Does your dog roll over onto her back, seemingly to demand you to rub her belly? And then once you do, her leg starts kicking like she’s trying to start a motorcycle? Believe it or not, there’s a scientific reason why your dog is reacting this way.
In this post, you’ll learn the real reasons why your dog can’t get enough belly rubs from you.
Why Dogs Love Belly Rubs
You may think that your dog loves belly rubs because she just loves being around you and being touched by you. While this is certainly part of the reason, it’s not the whole reason. The truth is your dog loves her belly being rubbed because it just plain feels good, and here’s why.
When you rub your dog’s belly, the stimulation of her hair follicles sets off a specific reaction in specific neurons in the brain. Many experts believe that this stimulation is linked to canine social grooming, also known as allogrooming. Allogrooming occurs in nature when two dogs groom each other exclusively through licking. This act is an essential part of the process of building sociability and trust between dogs.
This is why it is also considered a sign that your dog trusts you whenever she rolls onto her back and offers you her belly to rub. It’s not just a sign of submission.
Why Does a Dog Kick When Having Their Belly Rubbed?
One sign that most people believe shows that their dogs are really loving their tummy rub is when their back legs start kicking. Many think that this is what happens when you’re hitting the “right spot.” But what is really causing her leg to kick like that?
When your dog kicks while you’re rubbing her belly, it is actually her scratch reflex that is being activated. Think of it just like the reflex test your doctor performs on your knee. Rubbing her belly activates the nerves under her skin, which are connected to her spinal cord. In nature, this stimulation is what relays the message to the brain for her to kick her legs to get rid of whatever is activating her nerves, which in nature would most likely be insects or some other irritant. It is just like the response that occurs when your dog’s skin twitches whenever a bug lands on her back. It is an automatic response that is designed to protect your dog from danger. It does not mean that she is itchy or that she is loving her tummy rub, it is simply an involuntary reaction.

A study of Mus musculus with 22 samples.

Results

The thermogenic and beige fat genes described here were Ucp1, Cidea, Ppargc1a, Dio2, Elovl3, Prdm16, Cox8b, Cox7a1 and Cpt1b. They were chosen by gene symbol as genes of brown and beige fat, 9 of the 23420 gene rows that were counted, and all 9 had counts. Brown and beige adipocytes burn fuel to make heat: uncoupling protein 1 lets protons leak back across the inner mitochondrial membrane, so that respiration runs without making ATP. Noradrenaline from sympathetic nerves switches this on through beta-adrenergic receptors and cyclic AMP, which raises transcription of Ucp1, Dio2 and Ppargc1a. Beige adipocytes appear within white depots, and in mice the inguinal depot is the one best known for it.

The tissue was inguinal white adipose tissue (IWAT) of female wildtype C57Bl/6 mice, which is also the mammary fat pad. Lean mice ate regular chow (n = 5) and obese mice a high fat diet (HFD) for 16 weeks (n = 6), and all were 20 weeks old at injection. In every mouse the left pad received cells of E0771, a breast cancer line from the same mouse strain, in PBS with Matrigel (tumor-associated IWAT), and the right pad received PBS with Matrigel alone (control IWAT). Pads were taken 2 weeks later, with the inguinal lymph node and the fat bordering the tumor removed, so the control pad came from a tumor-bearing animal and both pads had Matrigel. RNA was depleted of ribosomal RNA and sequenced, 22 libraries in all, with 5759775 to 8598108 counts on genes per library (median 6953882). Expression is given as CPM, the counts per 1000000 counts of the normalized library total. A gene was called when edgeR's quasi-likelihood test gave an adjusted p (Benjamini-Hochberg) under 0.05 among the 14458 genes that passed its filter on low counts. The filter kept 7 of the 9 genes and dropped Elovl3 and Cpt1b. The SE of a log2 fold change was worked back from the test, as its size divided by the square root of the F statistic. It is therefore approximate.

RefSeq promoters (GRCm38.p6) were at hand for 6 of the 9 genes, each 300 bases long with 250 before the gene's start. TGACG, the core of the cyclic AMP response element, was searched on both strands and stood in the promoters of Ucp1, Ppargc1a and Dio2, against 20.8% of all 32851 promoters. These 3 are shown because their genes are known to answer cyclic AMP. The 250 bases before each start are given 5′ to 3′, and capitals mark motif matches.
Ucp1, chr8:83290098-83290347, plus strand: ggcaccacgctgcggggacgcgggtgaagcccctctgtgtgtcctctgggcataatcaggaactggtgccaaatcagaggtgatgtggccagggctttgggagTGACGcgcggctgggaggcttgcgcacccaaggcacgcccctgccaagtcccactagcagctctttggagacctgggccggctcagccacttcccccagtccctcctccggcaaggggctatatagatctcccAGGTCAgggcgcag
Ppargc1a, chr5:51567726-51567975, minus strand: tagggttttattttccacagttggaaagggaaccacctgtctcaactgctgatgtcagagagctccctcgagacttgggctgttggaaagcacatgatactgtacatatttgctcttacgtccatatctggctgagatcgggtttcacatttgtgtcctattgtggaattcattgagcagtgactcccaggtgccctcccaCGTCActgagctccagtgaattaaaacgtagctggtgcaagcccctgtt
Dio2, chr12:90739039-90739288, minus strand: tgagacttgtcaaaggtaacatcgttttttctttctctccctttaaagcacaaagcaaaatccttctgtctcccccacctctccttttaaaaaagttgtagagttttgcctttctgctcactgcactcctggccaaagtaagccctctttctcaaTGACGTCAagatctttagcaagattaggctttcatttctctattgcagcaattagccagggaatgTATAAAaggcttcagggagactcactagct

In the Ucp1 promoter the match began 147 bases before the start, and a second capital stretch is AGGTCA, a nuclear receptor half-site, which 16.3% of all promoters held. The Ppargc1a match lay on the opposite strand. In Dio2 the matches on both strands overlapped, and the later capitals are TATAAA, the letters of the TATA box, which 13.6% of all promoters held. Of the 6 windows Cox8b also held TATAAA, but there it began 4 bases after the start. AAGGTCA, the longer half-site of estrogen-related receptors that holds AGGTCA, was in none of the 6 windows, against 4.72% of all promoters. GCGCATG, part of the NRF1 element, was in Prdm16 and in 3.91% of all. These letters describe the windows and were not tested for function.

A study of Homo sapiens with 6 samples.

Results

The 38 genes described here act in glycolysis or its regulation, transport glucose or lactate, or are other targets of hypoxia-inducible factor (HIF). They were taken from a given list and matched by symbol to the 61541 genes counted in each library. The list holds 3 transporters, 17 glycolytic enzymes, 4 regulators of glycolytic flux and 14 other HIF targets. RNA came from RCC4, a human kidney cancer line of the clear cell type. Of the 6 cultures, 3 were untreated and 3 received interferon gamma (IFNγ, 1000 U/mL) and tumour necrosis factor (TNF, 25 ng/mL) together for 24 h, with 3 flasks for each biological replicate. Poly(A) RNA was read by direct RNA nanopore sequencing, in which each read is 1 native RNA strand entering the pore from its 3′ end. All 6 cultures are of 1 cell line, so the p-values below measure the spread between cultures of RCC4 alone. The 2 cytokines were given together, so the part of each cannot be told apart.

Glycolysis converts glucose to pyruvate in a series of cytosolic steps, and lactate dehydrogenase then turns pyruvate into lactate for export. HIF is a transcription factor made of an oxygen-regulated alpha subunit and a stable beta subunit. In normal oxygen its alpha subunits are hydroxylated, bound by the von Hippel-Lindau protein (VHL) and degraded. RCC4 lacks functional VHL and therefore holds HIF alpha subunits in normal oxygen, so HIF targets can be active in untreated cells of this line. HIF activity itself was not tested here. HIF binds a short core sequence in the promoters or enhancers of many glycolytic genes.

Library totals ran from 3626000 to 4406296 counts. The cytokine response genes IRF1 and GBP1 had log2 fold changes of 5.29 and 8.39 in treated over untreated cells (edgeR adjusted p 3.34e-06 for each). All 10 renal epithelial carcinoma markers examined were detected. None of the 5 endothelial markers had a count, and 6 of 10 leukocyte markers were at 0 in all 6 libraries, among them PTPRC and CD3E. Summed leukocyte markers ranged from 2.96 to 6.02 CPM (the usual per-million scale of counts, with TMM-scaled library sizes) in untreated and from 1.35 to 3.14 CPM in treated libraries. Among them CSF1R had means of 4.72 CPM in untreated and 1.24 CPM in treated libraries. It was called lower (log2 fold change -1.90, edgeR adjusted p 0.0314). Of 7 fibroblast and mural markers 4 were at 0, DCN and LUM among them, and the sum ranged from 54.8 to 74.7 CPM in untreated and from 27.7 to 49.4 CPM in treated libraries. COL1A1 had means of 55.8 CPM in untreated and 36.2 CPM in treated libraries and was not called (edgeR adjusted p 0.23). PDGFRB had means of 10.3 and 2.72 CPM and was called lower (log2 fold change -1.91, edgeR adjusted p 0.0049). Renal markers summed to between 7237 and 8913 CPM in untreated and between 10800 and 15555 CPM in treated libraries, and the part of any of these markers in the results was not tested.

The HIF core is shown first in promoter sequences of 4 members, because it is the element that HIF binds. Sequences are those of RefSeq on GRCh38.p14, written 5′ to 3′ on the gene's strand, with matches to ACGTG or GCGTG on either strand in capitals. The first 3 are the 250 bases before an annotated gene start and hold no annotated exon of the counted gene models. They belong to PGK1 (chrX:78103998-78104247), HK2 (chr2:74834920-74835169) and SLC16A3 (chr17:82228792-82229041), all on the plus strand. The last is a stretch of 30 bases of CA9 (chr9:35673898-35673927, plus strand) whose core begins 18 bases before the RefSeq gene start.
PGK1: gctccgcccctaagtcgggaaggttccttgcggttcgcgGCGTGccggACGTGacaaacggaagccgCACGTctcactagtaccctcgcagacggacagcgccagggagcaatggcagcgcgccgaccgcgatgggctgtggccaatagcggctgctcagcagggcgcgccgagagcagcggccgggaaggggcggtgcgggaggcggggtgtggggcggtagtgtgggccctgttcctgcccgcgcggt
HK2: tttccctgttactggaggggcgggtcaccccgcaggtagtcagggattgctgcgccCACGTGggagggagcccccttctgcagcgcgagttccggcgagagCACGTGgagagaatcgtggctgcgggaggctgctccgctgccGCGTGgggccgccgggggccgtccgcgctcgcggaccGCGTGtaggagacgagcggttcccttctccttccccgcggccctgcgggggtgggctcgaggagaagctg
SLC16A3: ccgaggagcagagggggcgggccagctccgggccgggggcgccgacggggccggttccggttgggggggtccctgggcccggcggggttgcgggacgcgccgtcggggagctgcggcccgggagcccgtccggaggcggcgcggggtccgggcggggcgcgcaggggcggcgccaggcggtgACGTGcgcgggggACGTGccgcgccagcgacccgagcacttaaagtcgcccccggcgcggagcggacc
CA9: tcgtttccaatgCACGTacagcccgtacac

Because these nerves are tied directly to the spine, the scratch reflex is commonly tested by veterinarians in cases where it is suspected that a dog might have spinal or nerve problems.
What Does It Mean If My Dog Doesn’t Like Her Belly Rubbed?
While most dogs tend to enjoy having their belly rubbed, not all dogs do. If your dog doesn’t like having her tummy rubbed that doesn’t mean that she doesn’t trust you. She probably just doesn’t care for it.
But regardless, you should never try to force a tummy rub on your dog because there may be an underlying reason for why she doesn’t want to roll over onto her back, such as pain or a potential health issue. Trying to force your dog to behave a certain way can also wind up creating other anxious behaviors and can ultimately cause you to lose the trust you have built with her.
If you’re unsure if your dog likes having her belly rubbed, then pay close attention to see how tense or relaxed she looks. A relaxed dog will look loose and floppy, while a tense dog will be rigid and stiff. If your dog hunches her body, tucks her tail between her legs, or tries to move away from you, then you should stop rubbing her belly immediately.